According to data from the Utah Division of Water Resources, 28 of the state's 45 largest reservoirs are currently below 55% capacity. This time last year, Utah’s reservoirs were around 65% capacity.

In a desert state like Utah, a steady flow of water from reservoirs is crucial for many communities – especially in rural parts of the state.

The decrease in reservoir levels has a lot to do with Utah’s winters. 95% of the state’s water supply comes from melted snow, which Utah didn’t get much of this past season. According to the Natural Resources Conservation Service, Utah has only received 70% of its average snowfall as of April 14th.

Zach Frankel is the Executive Director of the Utah Rivers Council and says snowpack is not only crucial for Utah’s water supply, but the water supply for most of the western United States.

“Sometimes it’s easy to forget the fact that the biggest reservoir we have in the American West is our snowpack," Frankel says. "Our snowpack is where all the water from the Colorado River originates. Those snowpacks have been shrinking with increasing wintertime air temperatures.”

Utah wasn’t the only state to see decreased snow levels this past winter. The Utah Snow Survey’s Jordan Clayton says little snow was seen throughout the region during an unusually dry period from mid-January to the end of March.

“If you look at the entire Southwest, there are quite a number of snow total sites across the Southwestern United States, over that same 50-day window, received just an abysmal amount of snow,” says Clayton.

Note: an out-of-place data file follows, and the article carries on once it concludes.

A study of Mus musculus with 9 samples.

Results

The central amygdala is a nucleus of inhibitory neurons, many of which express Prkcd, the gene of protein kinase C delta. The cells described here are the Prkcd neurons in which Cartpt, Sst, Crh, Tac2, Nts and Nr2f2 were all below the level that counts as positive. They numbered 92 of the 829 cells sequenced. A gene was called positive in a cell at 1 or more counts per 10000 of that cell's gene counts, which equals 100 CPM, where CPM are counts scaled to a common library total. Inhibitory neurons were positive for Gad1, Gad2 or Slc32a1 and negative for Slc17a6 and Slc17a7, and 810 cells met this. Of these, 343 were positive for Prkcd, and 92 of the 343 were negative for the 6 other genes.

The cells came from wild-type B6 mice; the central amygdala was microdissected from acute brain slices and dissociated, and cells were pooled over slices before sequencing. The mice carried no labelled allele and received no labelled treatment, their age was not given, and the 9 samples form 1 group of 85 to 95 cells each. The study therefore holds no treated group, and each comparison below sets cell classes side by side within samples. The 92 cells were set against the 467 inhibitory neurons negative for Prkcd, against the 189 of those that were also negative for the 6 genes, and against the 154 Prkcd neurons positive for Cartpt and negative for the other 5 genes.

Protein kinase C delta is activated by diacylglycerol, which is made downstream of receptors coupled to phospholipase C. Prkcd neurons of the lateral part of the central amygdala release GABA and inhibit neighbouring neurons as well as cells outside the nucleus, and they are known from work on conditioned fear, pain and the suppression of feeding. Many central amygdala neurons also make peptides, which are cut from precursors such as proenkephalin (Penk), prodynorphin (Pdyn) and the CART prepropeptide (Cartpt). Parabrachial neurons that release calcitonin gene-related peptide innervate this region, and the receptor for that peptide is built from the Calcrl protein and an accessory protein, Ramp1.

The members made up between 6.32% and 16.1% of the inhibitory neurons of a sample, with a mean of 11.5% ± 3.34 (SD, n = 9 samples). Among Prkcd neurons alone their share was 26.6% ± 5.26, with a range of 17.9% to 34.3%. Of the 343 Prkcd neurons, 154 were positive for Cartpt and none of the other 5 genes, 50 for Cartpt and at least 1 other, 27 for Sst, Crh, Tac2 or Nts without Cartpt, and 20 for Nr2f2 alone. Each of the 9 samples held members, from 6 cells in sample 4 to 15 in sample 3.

But the news isn’t all bad. Statewide soil moisture levels are almost double what they were one year ago, which is essential to getting more water into Utah reservoirs during the spring runoff period.

The Utah Rivers Council recently published a report on the state of the upper Colorado River basin, which includes much of eastern and southern Utah. The Green River in eastern Utah is a major tributary to the Colorado River and Frankel says river flows have decreased by 20% over the last 20 years.

Although it’s uncertain what the future holds, Frankel says the scientific consensus is that river flows will likely continue to decrease before they get any better. He says water-saving measures like limiting how many times people water their lawns can help, but a long-term fix will likely come in the form of state legislation, which Frankel says Utah has been slow to adopt.

“The bottom could be a 40% reduction in flows in the Colorado River sometime in coming years," he says. "We need to plan for less water and we need to do it now, and we’re really not being as proactive in the Colorado River basin and in Utah as a whole in preparing for this drier future.”

Local water suppliers have taken action to limit water use.

The Weber Basin Water Conservancy District announced significant water cutbacks to outdoor, indoor, and agricultural water use earlier this month.

The Summit Water Distribution Company also has a mandatory irrigation schedule in place and the Mountain Regional Water District has said outdoor watering restrictions are likely this summer.